Sharecropping, In line with the wants of Freedmen?

For years a culture, established by the colonial powers of Europe, dominates the agricultural economic landscape of the entirety of the New World. In this system large plantations growing cash crops generated huge profits for planters, while exploiting Africans and Indians. In every one of these societies the institution of slavery came to an end in a different way. With the end of slavery new systems of producing the cash crops that were needed to support the economies of these regions. The solution in many places including the former Confederate States of America was often sharecropping. In the book “Nothing But Freedom,” author Eric Foner discusses the many issues and injustices that arose for the former slaves in this new system of sharecropping.

Two of the major ideas we discussed during this past week of class was “what did former slaves expect form emancipation?” and in turn “What did planters expect out of the former slaves in this new South?” Foner’s book addressed these questions and how they relate to the question of sharecropping. It was a trend in the American South, and in the Caribbean that freed slaves just wanted to have some time to manage their own lives and provide for their own families, while planters needed to get the agricultural economies biased on cash crops reestablished. Foner points to this sentiment held by the blacks stating: “The desire for land, sometimes judged “irrational” when viewed simply as a matter of dollars and cents, reflected the recognition that… land ownership ensured the freedman a degree of control over the time and labor of themselves and their families.” (43) This belief held by many freed blacks put the planters in a very difficult position because according to Foner “it was the necessity… of maintaining the plantation system that made labor such an obsession in the aftermath of emancipation.” (43) Because of these two opposing views of what southern society should be in the reconstruction years, there were many disputes over what labor blacks would do and how blacks were to be treated as laborers. (43)

What came out of these disputes was the compromise of sharecropping. That said there were many problems with the institution, blacks wanted more control of their lives and southern planters wanted more control over the labor force. Foner writes: “sharecropping afforded laborers more control over their own time, labor and family arrangements, and more hope of economic advancement, than many other modes of labor organization.” (44) In this sense share cropping was beneficial to the blacks, but southern planters continually tried to manipulate the system to resemble slavery, “[preferring] a closely supervised labor force working for wages.” (44) The struggle between blacks and planters never came to a clear conclusion, but the introduction of sharecropping allowed blacks to keep some autonomy and allowed them to move towards emancipation.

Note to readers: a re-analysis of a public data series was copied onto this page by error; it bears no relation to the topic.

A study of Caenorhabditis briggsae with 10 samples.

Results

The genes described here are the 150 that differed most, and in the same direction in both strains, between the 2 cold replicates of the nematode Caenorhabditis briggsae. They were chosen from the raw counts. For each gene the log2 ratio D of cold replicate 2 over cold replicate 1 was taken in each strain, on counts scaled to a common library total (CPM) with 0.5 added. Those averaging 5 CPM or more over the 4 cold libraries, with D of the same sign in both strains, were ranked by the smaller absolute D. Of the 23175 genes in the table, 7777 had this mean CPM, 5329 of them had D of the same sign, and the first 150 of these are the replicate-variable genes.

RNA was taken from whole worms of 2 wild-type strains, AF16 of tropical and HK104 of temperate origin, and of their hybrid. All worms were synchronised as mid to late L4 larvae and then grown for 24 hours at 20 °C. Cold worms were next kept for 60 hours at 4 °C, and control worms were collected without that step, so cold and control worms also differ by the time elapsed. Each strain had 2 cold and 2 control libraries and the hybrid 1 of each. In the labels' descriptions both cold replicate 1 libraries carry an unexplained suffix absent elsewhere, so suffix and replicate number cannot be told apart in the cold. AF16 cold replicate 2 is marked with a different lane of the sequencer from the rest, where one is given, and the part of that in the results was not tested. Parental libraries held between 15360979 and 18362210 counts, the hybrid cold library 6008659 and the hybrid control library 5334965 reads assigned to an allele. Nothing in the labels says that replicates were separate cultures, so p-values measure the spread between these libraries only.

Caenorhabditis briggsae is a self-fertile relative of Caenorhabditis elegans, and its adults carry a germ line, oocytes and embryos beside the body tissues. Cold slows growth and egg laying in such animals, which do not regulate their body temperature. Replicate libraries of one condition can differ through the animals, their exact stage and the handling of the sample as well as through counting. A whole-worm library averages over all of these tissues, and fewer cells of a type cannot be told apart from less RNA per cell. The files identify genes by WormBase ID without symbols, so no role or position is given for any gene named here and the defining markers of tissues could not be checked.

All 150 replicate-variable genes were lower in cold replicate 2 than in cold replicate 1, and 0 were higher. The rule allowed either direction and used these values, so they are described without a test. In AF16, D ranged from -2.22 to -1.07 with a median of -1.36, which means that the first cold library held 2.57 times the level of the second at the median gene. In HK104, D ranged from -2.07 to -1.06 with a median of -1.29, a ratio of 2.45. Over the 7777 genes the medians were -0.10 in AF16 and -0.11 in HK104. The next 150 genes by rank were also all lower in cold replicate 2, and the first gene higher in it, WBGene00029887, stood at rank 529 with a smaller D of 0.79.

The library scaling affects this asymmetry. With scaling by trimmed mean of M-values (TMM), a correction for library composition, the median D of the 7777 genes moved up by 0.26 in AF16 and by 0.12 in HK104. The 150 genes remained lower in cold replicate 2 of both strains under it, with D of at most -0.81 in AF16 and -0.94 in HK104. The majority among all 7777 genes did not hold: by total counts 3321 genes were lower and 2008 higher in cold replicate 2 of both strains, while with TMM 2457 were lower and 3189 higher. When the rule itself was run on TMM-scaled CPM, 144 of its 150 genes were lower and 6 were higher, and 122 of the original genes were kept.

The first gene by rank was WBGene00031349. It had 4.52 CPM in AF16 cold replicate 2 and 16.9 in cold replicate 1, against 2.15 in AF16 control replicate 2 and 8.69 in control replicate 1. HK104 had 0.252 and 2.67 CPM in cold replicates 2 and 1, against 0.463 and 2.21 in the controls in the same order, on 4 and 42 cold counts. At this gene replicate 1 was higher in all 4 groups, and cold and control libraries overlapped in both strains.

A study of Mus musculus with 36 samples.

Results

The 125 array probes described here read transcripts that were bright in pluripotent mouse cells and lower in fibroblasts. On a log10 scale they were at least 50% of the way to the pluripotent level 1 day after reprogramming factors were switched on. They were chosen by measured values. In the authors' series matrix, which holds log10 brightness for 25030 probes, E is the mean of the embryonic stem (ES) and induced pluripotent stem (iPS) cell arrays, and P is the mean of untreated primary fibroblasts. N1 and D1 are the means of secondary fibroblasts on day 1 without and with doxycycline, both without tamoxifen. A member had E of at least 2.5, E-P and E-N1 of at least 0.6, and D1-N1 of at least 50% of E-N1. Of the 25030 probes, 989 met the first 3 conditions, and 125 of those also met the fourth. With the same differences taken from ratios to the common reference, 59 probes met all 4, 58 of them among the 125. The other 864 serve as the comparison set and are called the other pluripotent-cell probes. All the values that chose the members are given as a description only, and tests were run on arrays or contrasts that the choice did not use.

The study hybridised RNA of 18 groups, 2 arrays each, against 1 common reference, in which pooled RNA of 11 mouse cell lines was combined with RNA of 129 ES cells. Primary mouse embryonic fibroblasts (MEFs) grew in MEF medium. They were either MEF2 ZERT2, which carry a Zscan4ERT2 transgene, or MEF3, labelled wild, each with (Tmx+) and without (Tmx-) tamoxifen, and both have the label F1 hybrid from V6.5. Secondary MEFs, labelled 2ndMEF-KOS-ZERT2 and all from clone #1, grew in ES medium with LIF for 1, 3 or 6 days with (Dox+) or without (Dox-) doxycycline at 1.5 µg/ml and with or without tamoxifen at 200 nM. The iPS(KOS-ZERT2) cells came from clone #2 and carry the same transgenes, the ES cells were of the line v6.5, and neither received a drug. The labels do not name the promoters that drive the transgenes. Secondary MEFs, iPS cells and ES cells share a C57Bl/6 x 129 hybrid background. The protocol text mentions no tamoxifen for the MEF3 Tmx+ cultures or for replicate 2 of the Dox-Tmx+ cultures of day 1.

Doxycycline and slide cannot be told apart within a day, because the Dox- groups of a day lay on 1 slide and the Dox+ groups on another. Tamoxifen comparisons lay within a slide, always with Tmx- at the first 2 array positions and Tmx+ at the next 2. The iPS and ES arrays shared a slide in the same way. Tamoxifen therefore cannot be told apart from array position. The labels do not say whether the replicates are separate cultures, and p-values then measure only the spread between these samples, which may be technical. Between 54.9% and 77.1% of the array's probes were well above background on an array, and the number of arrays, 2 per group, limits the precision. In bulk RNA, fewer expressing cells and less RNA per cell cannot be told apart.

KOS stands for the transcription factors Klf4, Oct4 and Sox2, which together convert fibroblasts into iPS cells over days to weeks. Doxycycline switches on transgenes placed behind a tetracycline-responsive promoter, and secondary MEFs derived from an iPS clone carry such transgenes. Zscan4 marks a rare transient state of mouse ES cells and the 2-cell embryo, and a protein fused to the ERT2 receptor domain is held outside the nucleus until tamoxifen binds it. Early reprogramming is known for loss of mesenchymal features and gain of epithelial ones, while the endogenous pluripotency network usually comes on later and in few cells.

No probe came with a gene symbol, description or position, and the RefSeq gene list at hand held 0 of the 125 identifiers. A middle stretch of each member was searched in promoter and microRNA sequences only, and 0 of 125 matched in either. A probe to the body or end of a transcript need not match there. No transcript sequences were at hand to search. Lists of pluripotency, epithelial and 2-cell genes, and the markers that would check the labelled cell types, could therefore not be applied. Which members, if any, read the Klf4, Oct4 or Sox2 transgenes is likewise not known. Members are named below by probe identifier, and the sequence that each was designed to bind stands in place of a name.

I am not sure that the progress made during reconstruction would have been accomplished, if blacks would have been given land and total autonomy, or if planters had won out and instituted a total wage driven system of labor. I believe that we would have seen many more instances similar to what was described in “Reading A,” from Thursday’s class, that equated to pseudo-slavery under a wage based system. Foner believes that “blacks stubbornly clung to the measure of autonomy in day-to-day labor relations assured by share cropping.” (72) This is one of the reasons why I say that sharecropping benefited freedmen. The system of sharecropping was not ideal, but it was the best solution for the day. Sharecropping obviously was partially opposed to the interests of freedmen, but it allowed them to retain their dream, and eventually obtain it. Had blacks been allowed exactly what they wanted we would have seen a continuation of the social injustices that occurred during the period of reconstruction long past when blacks gained substantial rights under the sharecropping system. Also had planters been given what they wanted, I believe that no progress would have been made by freedmen as they would still be subjects of their masters under a system similar to slavery. This is why I believe that sharecropping was not totally in line with what freedmen wanted, but sharecropping was essential in securing and maintaining the ideals of the freedmen for posterity.